The video game industry must find a way to combat the large percentage of gamers that don’t finish their games all the way to the end.
During an interview with Playstation Magazine, Hitman: Absolution director Tore Blystad revealed that the metric system used by the development team to analyze typical player behavior concluded that only 20% of gamers will see the final level. Blystad believes that the reason for the low completion rates is because of the time commitment required to finish one single game. That, or people simply get bored of playing the same game across multiple sittings. What seems to the problem?
There are hundreds of studies floating around on the Internet and in academic journals regarding the declining attention span of each successive generation. Some studies blame television. Other studies think it’s because our attention is so fragmented by the increasing number of devices and options at our fingertips. Regardless of the cause, the fact of the matter is that video game developers are finding it difficult to hold gamers’ attention. What can be done?
It’s probably tempting to some developers to cram as much action as possible into the first few hours of a game. Unfortunately, this means that those of us who stick around until the credits roll will inevitable suffer through hours of boredom near the end of the story. Developers must find what is truly interesting to gamers. Video games have become overly saturated with glamorous, explosive sequences that offer very little substance. Game developers seem to be relying increasingly on Hollywood movie-trailer effects to pad their games. The first few escapes from a burning plane are exciting. The next 500 aren’t.
All too often, I put a disc in my game console and sit down to follow the exact same formula. Grab a gun, hide behind something, jump out, shoot at the bad guys, and gather ammo when the smoke clears. That used to be very exciting. Nowadays, it’s almost strange if a game doesn’t feature that sort of robotic, mindless violence. As with the constant torrent of random encounters in Japanese RPGs, the endless amount of numbing “action” sequences has made many games increasingly dull. Sometimes, two or three alternate paths just isn’t enough. Nor are two hundred poorly hidden secret items scattered throughout the game. They are straw men solutions to the true problem.
That’s not to say that conceptually repetitive games can’t be entertaining. Shadow of The Colossus, for example, is essentially nothing about a continuous cycle of boss fights. Normally, fighting 16 bosses one after another would be akin to watching paint dry. What makes Shadow of The Colossus so compelling is the fact that each boss fight varies greatly from the last. A large chunk of time spent with the game is devoted to figuring out how to strike at weak points on an enemy, which can be quite challenging at times. The satisfaction of having finally brought down the giant colossi is almost unmatched. The constant challenge of finding each different weakness, and the rewarding sense of self-satisfaction afterwards, is what keeps the player powering through all sixteen boss fights.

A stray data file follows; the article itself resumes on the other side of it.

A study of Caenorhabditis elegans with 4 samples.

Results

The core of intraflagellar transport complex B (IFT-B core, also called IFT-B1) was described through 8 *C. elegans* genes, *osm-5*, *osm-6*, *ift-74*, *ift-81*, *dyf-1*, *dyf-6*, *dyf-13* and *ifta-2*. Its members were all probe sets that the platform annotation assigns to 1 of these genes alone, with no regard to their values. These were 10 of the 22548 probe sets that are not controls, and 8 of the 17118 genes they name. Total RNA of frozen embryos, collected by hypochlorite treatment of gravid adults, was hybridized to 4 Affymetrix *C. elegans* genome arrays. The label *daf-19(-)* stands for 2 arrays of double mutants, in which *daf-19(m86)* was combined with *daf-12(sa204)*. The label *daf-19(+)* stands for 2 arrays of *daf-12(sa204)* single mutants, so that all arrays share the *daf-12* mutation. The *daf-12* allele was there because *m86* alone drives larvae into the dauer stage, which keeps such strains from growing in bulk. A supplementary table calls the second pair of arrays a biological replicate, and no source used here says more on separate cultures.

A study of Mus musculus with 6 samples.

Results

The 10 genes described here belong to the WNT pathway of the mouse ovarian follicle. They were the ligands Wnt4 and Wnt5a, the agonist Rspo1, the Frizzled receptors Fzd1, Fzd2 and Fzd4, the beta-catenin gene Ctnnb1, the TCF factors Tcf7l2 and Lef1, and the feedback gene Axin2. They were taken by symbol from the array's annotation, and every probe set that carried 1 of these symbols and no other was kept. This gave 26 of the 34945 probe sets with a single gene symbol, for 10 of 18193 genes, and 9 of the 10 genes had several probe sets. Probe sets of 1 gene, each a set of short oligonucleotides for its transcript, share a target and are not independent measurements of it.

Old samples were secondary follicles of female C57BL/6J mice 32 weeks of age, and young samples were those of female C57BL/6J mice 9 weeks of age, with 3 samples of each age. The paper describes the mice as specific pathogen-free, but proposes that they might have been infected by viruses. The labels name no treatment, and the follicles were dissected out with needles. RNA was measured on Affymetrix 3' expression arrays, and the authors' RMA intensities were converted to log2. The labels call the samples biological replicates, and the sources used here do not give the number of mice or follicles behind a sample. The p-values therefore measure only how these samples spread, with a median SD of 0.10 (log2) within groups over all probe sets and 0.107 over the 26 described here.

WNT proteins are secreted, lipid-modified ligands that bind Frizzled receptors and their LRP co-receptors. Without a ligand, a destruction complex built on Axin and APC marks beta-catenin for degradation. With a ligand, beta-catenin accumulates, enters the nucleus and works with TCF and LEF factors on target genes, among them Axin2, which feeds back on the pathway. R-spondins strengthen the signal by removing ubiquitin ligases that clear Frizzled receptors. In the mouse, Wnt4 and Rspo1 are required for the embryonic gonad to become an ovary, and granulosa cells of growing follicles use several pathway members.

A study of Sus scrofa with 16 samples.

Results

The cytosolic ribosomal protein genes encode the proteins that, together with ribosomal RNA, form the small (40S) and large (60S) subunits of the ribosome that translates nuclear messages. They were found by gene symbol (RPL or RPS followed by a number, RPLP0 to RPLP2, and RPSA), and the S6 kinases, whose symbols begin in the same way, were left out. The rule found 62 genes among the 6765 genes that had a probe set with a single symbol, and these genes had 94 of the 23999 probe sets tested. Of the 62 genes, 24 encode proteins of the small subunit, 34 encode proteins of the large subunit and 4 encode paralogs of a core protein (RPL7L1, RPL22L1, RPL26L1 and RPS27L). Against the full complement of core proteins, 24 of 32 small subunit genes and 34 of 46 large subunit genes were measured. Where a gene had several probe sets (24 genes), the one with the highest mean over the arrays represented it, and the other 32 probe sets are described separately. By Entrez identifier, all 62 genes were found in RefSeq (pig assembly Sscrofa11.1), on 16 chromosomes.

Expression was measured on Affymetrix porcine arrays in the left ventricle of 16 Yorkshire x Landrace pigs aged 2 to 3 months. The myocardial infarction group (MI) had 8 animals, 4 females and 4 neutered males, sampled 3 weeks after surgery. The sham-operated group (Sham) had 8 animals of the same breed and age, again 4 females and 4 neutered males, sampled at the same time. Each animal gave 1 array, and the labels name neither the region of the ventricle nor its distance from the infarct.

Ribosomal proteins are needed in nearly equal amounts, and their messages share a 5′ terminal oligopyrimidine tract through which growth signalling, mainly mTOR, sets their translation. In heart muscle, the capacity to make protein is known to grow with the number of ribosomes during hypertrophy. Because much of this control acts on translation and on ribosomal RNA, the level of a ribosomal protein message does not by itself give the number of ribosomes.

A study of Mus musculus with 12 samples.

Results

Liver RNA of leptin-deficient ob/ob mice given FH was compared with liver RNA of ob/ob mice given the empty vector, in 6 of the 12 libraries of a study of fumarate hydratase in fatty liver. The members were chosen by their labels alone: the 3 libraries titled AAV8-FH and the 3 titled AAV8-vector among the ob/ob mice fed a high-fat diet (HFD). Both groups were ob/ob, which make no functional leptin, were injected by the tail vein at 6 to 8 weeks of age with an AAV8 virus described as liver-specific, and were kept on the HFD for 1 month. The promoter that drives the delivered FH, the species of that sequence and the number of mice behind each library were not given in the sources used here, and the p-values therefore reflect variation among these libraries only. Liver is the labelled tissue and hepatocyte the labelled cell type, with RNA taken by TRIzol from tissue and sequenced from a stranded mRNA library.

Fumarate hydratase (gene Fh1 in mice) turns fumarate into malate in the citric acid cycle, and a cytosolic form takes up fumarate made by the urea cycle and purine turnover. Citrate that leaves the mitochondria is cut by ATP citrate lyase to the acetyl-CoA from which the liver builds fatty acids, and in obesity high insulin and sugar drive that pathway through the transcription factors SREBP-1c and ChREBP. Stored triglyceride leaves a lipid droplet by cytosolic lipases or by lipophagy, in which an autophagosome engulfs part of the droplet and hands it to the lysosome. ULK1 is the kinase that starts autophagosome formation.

L.A Noire can be seen as incredibly repetitive on a conceptual level. Each case Rockstar’s crime thriller begins with Cole Phelps and his partner driving to a crime scene, eyeballing every single piece of evidence, then driving around and interviewing people. Almost invariably, the case will climax when a particularly bad liar slips up, or tries to shoot/punch Phelps in the face. It’s almost impossible to pursue the wrong suspect, unless you’re completely incapable of reading social cues. L.A. Noire spans across several DVDs on the Xbox, repeating the same formula over and over again. At no point does the game ever become boring, however. Each case is special, and it’s clear that the developers spent substantial amounts of time plotting them out. There are a number of different ways to go about the investigation, while almost always arriving at the same conclusion. In L.A. Noire, the player is challenged to drive the story forward by stringing together a variety of facts and clues. Conceptually, L.A. Noire should be very boring. The gameplay system is rather crude, and admittedly even clunky when it comes to action sequences. The perfectly manipulated thrills of the chase are more than enough to propel the game forward until the credits roll.
Developers need to capitalize on the strengths of their titles and find out what gamers crave, and what bores them. Both Shadow of The Colossus and L.A. Noire are examples of games where the developers have leveraged the strengths of the titles to keep players interested. It’ll be tough to isolate what exactly people want out of video games, but it has to be done before the bulk of the industry stagnates into the blandness that haunts the movie and music industries. Most people can name parts of games that they dislike. For some people, picking up a game after taking a break at a particularly “bad” spot could be a chore. Enough for them not to pick it up again.